By TEDDYE SNELL
Ask almost any Baby Boomer about the assassination of President John F. Kennedy on Nov. 22, 1963, and he or she can recount vivid details from that horrible moment in U.S. history.
Fifty years later, the memories remain crystal-clear for most, including former Sen. Jim Wilson.
Wilson was a junior in high school at Paul’s Valley and was attending classes that day.
“The assassination of President Kennedy left an indelible memory,” said Wilson. “I was in class when the teacher, struggling to hold back tears, announced president had been shot. Unlike any other incident in my life, I can still picture the Paul’s Valley classroom. I was seated in the second row from the left in the fourth desk from the front.”
Wilson said he sat in shock, along with his classmates, as news of the shooting unfolded.
“The class quietly waited for updates from the office over the intercom,” said Wilson. “In stunned disbelief, we heard he had been pronounced dead. The entire community solemnly followed the subsequent events until he was buried at Arlington.”
Like most teenagers, Wilson had, up to that point, not considered his own mortality or the possibility of flaws in adults.
“At age 16, it was the first time in my life I fully realized the fragility of people and institutions I perceived to be unbreakable,” said Wilson. “Perhaps I was disproportionately impacted because of my youth, immaturity or simple naivete.”
Over the course of his life, Wilson has experienced a number of tragedies and triumphs of which he has clear memories, but JFK’s assassination remains unparalleled.
“I vividly remember my surroundings as other major events occurred, such as Neil Armstrong setting foot on the moon, the space shuttle Challenger explosion, the bombing of the Murrah Building and the destruction of the World Trade Center,” said Wilson. “None had the impact of the Kennedy assassination.”
Nov. 22, 1963, was a turning point in Wilson’s life.
“I experienced a loss of innocence,” he said. “My subsequent military service and the tumultuous decade that followed were tempered by that experience. Perhaps its served me with a degree of callousness we all accumulate with maturity.”
As a former legislator, Wilson also believes that event and the actions that quickly followed formed a number of policies still in place today.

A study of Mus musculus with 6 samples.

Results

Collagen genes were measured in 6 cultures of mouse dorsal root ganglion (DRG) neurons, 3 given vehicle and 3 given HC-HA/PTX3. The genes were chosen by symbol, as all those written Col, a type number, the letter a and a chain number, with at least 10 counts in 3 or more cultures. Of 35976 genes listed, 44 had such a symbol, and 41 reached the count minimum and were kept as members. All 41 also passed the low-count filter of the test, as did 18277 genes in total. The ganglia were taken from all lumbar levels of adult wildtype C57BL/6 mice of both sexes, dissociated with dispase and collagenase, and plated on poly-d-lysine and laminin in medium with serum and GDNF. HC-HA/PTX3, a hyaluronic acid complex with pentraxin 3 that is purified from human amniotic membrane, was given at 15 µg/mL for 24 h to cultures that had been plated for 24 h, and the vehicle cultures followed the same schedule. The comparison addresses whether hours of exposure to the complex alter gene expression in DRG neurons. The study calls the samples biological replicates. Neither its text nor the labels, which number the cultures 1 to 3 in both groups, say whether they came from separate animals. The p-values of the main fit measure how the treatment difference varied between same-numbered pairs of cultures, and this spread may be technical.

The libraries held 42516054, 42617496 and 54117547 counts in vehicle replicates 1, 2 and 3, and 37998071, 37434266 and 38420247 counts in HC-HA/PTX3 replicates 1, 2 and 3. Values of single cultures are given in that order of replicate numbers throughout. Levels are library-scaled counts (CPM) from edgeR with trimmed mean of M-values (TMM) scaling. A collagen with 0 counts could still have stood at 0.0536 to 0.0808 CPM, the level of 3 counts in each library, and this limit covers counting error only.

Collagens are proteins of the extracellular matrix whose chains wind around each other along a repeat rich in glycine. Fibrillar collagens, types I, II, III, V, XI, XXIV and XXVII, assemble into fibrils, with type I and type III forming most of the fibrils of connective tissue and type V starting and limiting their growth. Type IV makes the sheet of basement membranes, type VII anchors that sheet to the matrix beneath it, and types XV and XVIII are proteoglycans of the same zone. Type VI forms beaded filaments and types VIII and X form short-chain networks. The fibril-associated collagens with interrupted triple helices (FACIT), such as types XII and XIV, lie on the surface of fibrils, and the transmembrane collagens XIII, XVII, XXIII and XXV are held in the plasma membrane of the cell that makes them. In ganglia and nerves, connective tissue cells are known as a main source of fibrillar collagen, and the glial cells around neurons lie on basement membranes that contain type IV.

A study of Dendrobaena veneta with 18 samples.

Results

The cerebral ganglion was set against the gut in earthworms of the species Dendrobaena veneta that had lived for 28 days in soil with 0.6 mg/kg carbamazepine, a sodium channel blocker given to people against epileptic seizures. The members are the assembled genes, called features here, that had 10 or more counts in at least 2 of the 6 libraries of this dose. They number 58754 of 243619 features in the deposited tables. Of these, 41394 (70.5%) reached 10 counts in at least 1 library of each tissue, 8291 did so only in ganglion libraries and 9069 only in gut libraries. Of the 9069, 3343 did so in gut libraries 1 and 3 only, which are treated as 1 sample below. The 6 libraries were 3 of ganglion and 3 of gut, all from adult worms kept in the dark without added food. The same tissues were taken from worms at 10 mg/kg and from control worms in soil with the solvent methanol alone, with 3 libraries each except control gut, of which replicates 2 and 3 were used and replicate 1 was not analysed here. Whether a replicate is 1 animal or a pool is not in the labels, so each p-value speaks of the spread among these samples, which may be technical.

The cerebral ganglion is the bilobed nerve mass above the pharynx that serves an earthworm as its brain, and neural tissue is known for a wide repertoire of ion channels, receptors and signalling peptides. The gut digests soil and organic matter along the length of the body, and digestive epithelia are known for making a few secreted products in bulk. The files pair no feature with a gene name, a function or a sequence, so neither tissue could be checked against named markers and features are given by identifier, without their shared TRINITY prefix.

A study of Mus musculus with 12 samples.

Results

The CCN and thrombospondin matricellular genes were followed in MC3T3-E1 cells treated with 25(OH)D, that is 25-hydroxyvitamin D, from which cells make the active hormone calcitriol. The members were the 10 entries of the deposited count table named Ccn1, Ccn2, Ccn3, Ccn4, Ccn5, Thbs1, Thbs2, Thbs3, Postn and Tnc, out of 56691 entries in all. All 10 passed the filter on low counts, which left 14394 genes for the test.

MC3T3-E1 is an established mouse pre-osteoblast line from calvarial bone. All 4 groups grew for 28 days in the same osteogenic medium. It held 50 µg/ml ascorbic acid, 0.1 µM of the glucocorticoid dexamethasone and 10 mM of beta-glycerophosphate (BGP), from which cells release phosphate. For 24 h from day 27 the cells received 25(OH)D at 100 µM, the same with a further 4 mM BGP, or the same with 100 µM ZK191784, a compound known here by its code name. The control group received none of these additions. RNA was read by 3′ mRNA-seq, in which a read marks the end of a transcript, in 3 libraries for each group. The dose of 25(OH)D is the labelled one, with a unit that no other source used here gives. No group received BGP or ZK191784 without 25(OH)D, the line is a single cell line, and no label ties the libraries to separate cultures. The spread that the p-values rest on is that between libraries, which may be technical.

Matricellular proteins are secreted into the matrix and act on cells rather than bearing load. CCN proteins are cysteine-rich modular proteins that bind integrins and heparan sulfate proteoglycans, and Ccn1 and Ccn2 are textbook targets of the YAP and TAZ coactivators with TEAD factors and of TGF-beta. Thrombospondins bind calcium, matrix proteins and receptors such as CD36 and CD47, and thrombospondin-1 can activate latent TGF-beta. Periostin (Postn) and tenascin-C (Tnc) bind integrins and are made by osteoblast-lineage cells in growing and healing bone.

“Implementation of Kennedy’s ‘New Frontier,’ primarily through [President Lyndon Baines Johnson’s] ‘Great Society,’ shaped all our lives,” said Wilson. “I am convinced that, in spite of LBJ’s considerable political capital, Kennedy’s untimely death contributed significantly to passage of the policies we all take for granted today.”
Longtime Tahlequah resident Isabel Baker has served the Democratic Party at all levels – local, county, state and national – and has attended a number of Democratic National Conventions, as well as presidential inaugurations.
She was a young teacher when Kennedy was shot, and remembers the day well.
“I was a speech teacher at Tahlequah High School,” said Baker. “I was coming back from lunch when I heard of his death on the radio. I was totally wiped out.”
Understanding her professional responsibility, Baker returned to school.
“I parked my car and went in to face a very big class,” said Baker. “I didn’t have to say a word. Students asked me why I was crying, and as I started to tell them, the principal came over the intercom to tell us the terrible, almost unbelievable, news that our president had been shot.”
Like Wilson, Baker has experienced a number of tragedies in her life, but few have left the mark the Kennedy assassination had.
“[There have been] several things in my life that were so horrific I could hardly accept: the Nazis killing millions, Kennedy’s death and Martin Luther King’s death,” said Baker. “I have been shocked lots of times, but those were the worst.”
While Baker is often surprised by the terrible actions people take against one another, she remains true to her belief that most are genuinely good.
“One lesson I have learned from those events is we can’t always trust and count on everyone to do the right thing,” said Baker. “But that shouldn’t taint our love for all the wonderful people who make up the majority – people who are always doing the right thing, or at least meaning well and trying to do right.”